Planting Iceberg Lettuce Seeds
Iceberg Lettuce, which is also sometimes called crisphead lettuce, is among the most popular varieties of lettuce in the United States. It can be easy to grow, but it is temperamental enough that simple mistakes can turn what could have been a great harvest into spoiled, rotted leaves and seeds. However, if you give iceberg lettuce the conditions it likes to grow in, it can give you a harvest of delicious fresh greens straight from your garden to your kitchen.
If iceberg lettuce matures too late, it can lead to your crop spoiling in your garden from the heat. Because iceberg lettuce takes a relatively long time to mature — over 70 days, in some cases — this can be a serious problem, so anything you can do to let yourself plant earlier is a great idea. Unfortunately, iceberg lettuce is also vulnerable to frost, which prevents you from planting too early.
Because of these two things, give yourself a head start and plant your iceberg lettuce inside, in a seedling tray, before the last frost in early spring. Plant your lettuce seeds about 1/4 inch deep, and use a few seeds in each space. Stagger your plantings by 1 or 2 weeks. This way, your plants will mature at different times, ensuring that you have a steady supply of lettuce when you harvest, rather than a large amount all at once that you will not be able to use while it is fresh.
Iceberg lettuce needs cool temperatures to germinate. Room temperature will work just fine. Water your iceberg lettuce often enough to keep it moist, but rarely enough to prevent the soil from becoming waterlogged. Seedlings should sprout after about 1 week.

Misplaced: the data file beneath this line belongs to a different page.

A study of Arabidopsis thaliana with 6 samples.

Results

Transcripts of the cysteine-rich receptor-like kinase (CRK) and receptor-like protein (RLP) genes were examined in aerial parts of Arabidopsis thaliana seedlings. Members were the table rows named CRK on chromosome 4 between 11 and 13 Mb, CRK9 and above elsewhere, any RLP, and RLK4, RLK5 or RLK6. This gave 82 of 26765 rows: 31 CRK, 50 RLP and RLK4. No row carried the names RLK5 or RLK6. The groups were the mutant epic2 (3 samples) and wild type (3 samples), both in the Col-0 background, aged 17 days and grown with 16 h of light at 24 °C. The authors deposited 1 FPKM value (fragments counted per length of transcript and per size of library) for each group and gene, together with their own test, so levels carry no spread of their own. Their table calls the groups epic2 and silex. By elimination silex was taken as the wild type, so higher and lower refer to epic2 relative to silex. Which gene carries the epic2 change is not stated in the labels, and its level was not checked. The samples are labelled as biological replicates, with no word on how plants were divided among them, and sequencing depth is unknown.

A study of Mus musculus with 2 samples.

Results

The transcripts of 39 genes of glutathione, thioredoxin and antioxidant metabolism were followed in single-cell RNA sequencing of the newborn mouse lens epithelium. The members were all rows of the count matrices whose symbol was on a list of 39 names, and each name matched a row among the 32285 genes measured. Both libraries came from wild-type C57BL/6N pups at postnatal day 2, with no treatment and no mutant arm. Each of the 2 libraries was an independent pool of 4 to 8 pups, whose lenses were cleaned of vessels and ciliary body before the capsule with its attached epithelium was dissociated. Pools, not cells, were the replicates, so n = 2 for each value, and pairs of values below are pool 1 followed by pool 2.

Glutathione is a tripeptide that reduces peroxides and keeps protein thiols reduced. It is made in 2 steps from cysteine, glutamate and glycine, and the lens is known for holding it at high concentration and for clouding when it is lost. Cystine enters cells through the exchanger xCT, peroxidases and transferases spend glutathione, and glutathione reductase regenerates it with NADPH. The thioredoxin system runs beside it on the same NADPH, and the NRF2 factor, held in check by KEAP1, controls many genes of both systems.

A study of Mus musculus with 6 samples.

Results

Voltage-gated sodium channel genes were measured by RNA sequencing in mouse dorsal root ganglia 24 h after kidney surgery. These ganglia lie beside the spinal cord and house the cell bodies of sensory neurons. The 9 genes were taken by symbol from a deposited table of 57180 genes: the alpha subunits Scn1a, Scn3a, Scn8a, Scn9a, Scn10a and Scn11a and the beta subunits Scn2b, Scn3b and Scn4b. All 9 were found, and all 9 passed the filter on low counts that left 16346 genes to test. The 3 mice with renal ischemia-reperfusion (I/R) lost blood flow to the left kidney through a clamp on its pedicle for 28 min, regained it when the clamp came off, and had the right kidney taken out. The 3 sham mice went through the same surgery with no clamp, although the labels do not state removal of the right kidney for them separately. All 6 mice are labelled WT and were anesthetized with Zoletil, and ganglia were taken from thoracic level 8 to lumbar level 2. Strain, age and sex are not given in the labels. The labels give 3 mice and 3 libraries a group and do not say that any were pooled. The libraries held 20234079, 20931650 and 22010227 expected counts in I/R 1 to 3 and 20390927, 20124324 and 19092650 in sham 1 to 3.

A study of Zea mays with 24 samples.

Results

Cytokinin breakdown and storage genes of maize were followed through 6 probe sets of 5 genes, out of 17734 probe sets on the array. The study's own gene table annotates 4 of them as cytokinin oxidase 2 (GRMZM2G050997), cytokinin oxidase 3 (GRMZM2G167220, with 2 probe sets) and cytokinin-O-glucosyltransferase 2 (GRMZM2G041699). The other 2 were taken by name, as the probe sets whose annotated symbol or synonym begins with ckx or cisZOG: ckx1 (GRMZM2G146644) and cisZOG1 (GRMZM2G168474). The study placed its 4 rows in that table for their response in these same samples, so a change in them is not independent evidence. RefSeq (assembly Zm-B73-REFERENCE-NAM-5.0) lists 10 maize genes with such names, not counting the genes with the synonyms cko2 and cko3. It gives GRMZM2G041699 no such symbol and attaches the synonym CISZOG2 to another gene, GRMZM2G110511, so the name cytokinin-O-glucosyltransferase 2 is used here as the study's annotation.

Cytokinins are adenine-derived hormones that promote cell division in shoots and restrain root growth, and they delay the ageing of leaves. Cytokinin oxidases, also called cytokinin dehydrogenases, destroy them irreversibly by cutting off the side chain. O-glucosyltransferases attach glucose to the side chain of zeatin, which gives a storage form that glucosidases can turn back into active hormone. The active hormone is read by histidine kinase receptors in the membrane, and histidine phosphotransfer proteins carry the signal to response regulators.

Once you are absolutely sure that the soil in your garden is not going to freeze, it is time to plant your seedlings. Iceberg lettuce has shallow roots, and is vulnerable to frost. Give your iceberg lettuce plenty of water, but in small amounts so the soil does not get soaked, since this can allow harmful fungus to grow.
Try your best to keep your iceberg lettuce cool as well, as it will grow best at lower temperatures. On hot days, setting up a tarp to produce shade is a very good idea. Another thing that can help moderate the temperature of your lettuce is mulching. Use an organic mulch, not black plastic, since black plastic will raise your soil temperatures — the opposite of your goal. Peat moss can cause a similar problem. Instead, use something like dead leaves, grass clippings, or hay. Mulching will also help control weed growth, which can be a serious problem for iceberg lettuce due to its shallow roots.
Iceberg lettuce responds well to fertilizer with nitrogen in it. However, as always, overusing fertilizer is more likely to harm your plants than underusing it, so be careful.
After about 3 months, your iceberg lettuce should be mature. Plan accordingly, even before you plant your iceberg lettuce seeds. Allow yourself sufficient time to harvest your lettuce, or it will go to waste.